Spike in Hospitalisation, Deaths Unlikely With Omicron Variants: K Srinath Reddy
K Srinath Reddy. Image Courtesy: flickr
In the fourth year of the ongoing pandemic, the Omicron variants of the SARS-CoV-2 virus, which causes the COVID-19 disease, is still throwing challenges before shaky healthcare systems around the world. Rashme Sehgal speaks with Dr K Srinath Reddy, distinguished professor with the Public Health Foundation of India, to discuss the challenges, and whether the vaccines we have can still prevent serious illness in those who catch the infection. Edited excerpts:
RS: What is the sub-unit protein vaccine and is it a breakthrough in vaccine technology to be used to combat COVID-19? Can you talk about the development of Covovax and Corbevax, the subunit vaccines?
KSR: Subunit protein vaccines have emerged later in this battle against COVID-19, though the platform has been familiar for several years. For example, the vaccines against Hepatitis B and E are of this type. In COVID-19, the mRNA vaccines are the novel ones. They, along with virus vector vaccines, have been extensively employed in the current pandemic.
Corbevax is being produced through a partnership between Biological E., a Hyderabad-based vaccine manufacturer and Houston-based scientists affiliated to the Baylor College of Medicine in the United States of America. Covovax is being produced by the Serum Institute of India, as the Indian version of a vaccine developed in the United States by Novavax company. Both these vaccines emerged in 2021.
RS: How extensively have these sub-unit vaccines been tested, how do they work and what is the situation regarding their side effects?
KSR: Novavax vaccine underwent placebo controlled clinical trials in the United States and was reported to show 90% efficacy in adults and 80% efficacy in adolescents against the earlier versions of the SARS-CoV-2 virus. This was against symptomatic Covid-19. Corbevax undertook immunological response studies to demonstrate the effect of evoked neutralising antibodies against the Wuhan, Delta and Beta strains of the virus. Based on these, an efficacy of 90% was reported.
Sub-unit protein vaccines do not present the full virus to the human body. Unlike mRNA vaccines, they do not use the genetic machinery of the body to produce the spike protein. They do not use a carrier virus to deliver the spike protein, unlike virus vector vaccines. Therefore, they are far less likely to evoke adverse reactions. mRNA vaccines have been associated with some cases of myocarditis (inflammation of heart muscle), especially among males who received those vaccines. Virus vector vaccines have been associated with the complication of thrombosis (blood clot formation) in veins and arteries. Sub-unit protein vaccines are not associated with either type of adverse effects.
RS: What is the status of Corbevax and Covovax vis-a-vis World Health Organisation (WHO) approval?
KSR: Novavax has received WHO approval. That is applicable to Covavax. Corbevax is awaiting WHO approval after data submission. Since the vaccine trial used immunological correlates of protection to assess vaccine efficacy, rather than disease related outcomes, the criteria for evaluation of efficacy will be different.
RS: Are these vaccines safe for children?
KSR: Sub-unit protein vaccines are considered safe for children, based on the past record of safety of that platform. Studies done in India, too, have not reported worrisome adverse effects.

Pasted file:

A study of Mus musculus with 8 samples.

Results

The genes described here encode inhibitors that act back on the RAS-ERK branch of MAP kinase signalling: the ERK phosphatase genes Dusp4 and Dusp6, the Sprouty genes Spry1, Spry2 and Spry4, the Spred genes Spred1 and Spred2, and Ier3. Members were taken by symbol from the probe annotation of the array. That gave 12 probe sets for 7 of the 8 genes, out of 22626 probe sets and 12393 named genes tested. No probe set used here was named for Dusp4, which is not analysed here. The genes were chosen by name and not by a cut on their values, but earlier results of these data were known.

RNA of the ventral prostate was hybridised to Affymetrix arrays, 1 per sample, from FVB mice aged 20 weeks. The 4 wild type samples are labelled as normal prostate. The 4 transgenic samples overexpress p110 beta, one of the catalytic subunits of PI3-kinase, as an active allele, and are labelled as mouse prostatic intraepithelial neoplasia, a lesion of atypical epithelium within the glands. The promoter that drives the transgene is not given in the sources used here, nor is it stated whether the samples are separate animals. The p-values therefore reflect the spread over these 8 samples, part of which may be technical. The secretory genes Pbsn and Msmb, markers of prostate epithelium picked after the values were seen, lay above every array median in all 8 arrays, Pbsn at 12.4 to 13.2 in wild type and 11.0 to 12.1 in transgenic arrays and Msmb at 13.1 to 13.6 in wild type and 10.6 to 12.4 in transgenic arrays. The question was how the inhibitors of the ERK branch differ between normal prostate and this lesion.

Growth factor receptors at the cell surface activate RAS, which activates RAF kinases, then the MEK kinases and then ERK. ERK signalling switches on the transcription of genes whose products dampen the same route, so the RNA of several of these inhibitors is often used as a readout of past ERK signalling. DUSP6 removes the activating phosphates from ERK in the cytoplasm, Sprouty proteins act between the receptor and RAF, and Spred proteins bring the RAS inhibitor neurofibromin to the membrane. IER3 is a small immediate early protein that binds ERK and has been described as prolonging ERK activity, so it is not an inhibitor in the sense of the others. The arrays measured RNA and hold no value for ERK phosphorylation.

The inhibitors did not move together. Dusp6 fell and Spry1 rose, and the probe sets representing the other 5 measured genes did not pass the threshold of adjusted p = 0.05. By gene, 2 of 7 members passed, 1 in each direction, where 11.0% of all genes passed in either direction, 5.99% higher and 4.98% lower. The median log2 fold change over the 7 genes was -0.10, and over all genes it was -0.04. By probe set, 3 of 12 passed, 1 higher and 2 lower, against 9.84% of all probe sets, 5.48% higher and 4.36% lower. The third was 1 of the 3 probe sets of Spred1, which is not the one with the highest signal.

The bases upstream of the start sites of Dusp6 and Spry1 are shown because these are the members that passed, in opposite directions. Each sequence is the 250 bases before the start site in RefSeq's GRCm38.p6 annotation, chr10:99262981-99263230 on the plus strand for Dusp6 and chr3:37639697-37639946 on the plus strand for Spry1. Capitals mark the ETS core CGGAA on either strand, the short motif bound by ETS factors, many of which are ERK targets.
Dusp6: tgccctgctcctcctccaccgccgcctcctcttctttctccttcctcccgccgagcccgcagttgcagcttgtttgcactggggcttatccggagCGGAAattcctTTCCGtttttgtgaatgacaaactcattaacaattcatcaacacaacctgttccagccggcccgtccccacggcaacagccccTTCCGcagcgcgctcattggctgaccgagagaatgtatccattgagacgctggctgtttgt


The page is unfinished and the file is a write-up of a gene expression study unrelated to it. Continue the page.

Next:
RS: Should those who have already taken booster shots be ready to take a sub-unit protein vaccine?
KSR: It is not essential for persons who have taken three doses of the vaccine to take a fourth dose. Especially if they have also acquired ‘hybrid immunity’, through natural infection and a full course of vaccines. However, an immunity booster may be needed in immunocompromised or very elderly persons whose immunity levels are fading because of several months lapsing since their last vaccination.
RS: Cases of COVID-19 are spiking in Karnataka and Kerala. Are we going to see similar spikes across the country?
KSR: The recent Omicron variants are highly transmissible. If people move around the country, the virus will travel with them. Infections may rise. However, given the background of widespread hybrid immunity in the population, the likelihood of a spate of serious infections, hospitalisation and deaths is low, unless Omicron yields place to a more virulent variant.
RS: China has witnessed a sharp rise in Covid-19 cases and some Western epidemiologists say deaths could cross two million. Is the situation there this grim?
KSR: The estimates from Western modellers may not hold true. The current wave is being caused by Omicron, not Delta. The Chinese vaccines have conferred some level of immunity. The most vulnerable are the elderly, an under-vaccinated group. Efforts are underway to vaccinate them. While China will undoubtedly see many cases of infection, the deaths are unlikely to reach the humongous numbers being forecast by Western media. The experience of small, tightly-packed Hong Kong cannot be extrapolated to all of China, which is much larger and more differentiated across its provinces.
RS: Is the perception that Chinese vaccines are not-so-effective correct?
KSR: When the Covid-19 disease came in through a novel virus, there was no prior experience of how effective vaccines against it would be. So, the bar was set at 50% efficacy in preventing clinically manifest Covid-19 disease, in placebo-controlled trials. Chinese vaccines which crossed that mark gained approval. Other vaccines showed higher efficacy rates over 80% or 90%.